Male Gender Role Stress and PTSD

Stress about fitting into the masculine norm can make symptoms worse


Understanding Masculine Gender Roles

Each society has its own rules about what's considered appropriate behavior for men and women. In Western societies, men have traditionally been expected to be self-reliant, not emotional (except with regard to the expression of anger), confident and strong. This is the traditional masculine gender role.

Men differ in the extent to which they follow these rules. However, some of these rules go against basic and normal human responses to stress. So it's not surprising that a number of studies have shown that men who try to strictly adhere to these rules and who fear violating these rules may be at risk for a wide range of negative outcomes including PTSD.


Men experiencing male gender role stress are more likely to experience anxiety, depression, problems controlling aggressive behavior and alcohol abuse. For example, men who fear violating male gender role norms may be less likely to talk about or express their emotions, especially with regard to emotions that could make them appear vulnerable, such as sadness or anxiety.

Male gender role stress may also prevent certain men from seeking out social support or using other healthy coping skills.

Male Gender Role Stress and PTSD

High male gender role stress may even contribute to PTSD. A couple of studies have found that male gender role stress is related to the experience of more severe PTSD symptoms. Here's how:

  • It's thought that male gender role stress may prevent men from seeking out the help they need following the experience of a traumatic event, increasing the likelihood of developing PTSD.
  • In addition, the use of alcohol or other unhealthy coping strategies (such as emotional avoidance) among men experiencing male gender stress following a traumatic event may prevent them from adequately processing emotions associated with the event.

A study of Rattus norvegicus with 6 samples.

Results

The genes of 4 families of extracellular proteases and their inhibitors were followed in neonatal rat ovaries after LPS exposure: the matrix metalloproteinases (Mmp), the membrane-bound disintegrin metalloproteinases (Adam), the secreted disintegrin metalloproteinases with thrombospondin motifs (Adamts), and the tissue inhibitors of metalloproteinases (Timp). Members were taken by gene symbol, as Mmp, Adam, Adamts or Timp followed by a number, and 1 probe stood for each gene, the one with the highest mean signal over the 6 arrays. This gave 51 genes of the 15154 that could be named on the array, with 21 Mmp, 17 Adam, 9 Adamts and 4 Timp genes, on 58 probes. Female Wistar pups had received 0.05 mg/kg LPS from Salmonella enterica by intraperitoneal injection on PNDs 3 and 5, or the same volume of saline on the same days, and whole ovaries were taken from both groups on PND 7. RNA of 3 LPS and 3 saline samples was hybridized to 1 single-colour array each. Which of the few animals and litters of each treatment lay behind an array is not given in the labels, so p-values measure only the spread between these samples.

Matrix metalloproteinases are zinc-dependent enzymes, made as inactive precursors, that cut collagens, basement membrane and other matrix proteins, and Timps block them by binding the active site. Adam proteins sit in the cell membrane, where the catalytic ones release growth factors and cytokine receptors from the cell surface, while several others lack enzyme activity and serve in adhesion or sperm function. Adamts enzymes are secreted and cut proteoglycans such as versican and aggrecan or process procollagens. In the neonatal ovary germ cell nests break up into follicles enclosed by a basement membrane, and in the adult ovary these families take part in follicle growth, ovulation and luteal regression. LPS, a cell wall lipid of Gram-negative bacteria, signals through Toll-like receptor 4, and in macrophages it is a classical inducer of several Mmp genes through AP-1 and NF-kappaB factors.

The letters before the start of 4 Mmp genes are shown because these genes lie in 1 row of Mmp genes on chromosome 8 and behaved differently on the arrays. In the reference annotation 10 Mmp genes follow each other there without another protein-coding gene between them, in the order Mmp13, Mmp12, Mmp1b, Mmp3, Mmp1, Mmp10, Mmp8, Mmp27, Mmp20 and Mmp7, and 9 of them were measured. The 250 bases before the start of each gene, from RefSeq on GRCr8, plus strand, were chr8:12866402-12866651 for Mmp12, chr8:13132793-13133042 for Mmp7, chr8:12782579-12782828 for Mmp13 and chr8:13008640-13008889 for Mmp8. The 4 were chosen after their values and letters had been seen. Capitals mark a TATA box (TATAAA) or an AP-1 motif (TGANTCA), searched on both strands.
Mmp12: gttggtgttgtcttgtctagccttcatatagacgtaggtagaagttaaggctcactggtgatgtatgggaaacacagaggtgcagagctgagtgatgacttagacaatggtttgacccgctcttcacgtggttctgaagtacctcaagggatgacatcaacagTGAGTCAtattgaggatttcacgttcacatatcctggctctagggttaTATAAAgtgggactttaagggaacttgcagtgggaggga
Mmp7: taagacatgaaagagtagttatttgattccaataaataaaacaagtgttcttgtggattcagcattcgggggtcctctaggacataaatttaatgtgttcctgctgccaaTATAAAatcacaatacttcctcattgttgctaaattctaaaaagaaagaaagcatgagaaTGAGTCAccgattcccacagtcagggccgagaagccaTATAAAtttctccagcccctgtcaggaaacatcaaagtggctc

Getting Help

If you are a man who has experienced a traumatic event, it's important to know that emotions such as anxiety, fear, sadness, guilt or anger are common emotions that occur after a traumatic event. They are not a sign of weakness or a reason to feel shame because you're not following the traditional masculine gender role.

It can take tremendous courage and strength to experience, express and seek out help for the intense negative emotions that can stem from a traumatic event.

When seeking out help for the experience of a traumatic event, it's important to be a consumer. If you notice that you experience high levels of male gender role stress, you may want to seek out a therapist to whom you feel comfortable expressing your emotions.

Finding a mental health provider can be an overwhelming and stressful task if you do not know where to look. Fortunately, there are several websites that provide free search engines that can help you find mental health providers in your area who treat PTSD.

Verywell Mind uses only high-quality sources, including peer-reviewed studies, to support the facts within our articles. Read our editorial process to learn more about how we fact-check and keep our content accurate, reliable, and trustworthy.
  • Jakupcak, M., Osborne, T.L., Michael, S., Cook, J.W., & McFall, M. (2006). Implications of masculine gender role stress in male veterans with posttraumatic stress disorder. Psychology of Men and Masculinity, 7, 203-211.
  • McCreary, D.R., Wong, F.Y., Weiner, W., Carpenter, K.M., Engle, A., & Nelson, P. (1996). The relationship between masculine gender role stress and psychological adjustment: A question of construct validity? Sex Roles, 34, 507-516.
  • McDermott, M.J., Tull, M.T., Soenke, M., Jakupcak, M., & Gratz, K.L. (2010). Masculine gender role stress and posttraumatic stress disorder symptom severity among inpatient male crack/cocaine users. Psychology of Men and Masculinity, 11, 225-232.
  • Moore, T.M., Stuart, G.L., McNulty, J.K., Addis, M.E., Cordova, J.V., & Temple, J.R. (2008). Domains of masculine gender role stress and intimate partner violence in a clinical sample of violent men. Psychology of Men and Masculinity, 9, 82-89.

By Matthew Tull, PhD
Matthew Tull, PhD is a professor of psychology at the University of Toledo, specializing in post-traumatic stress disorder.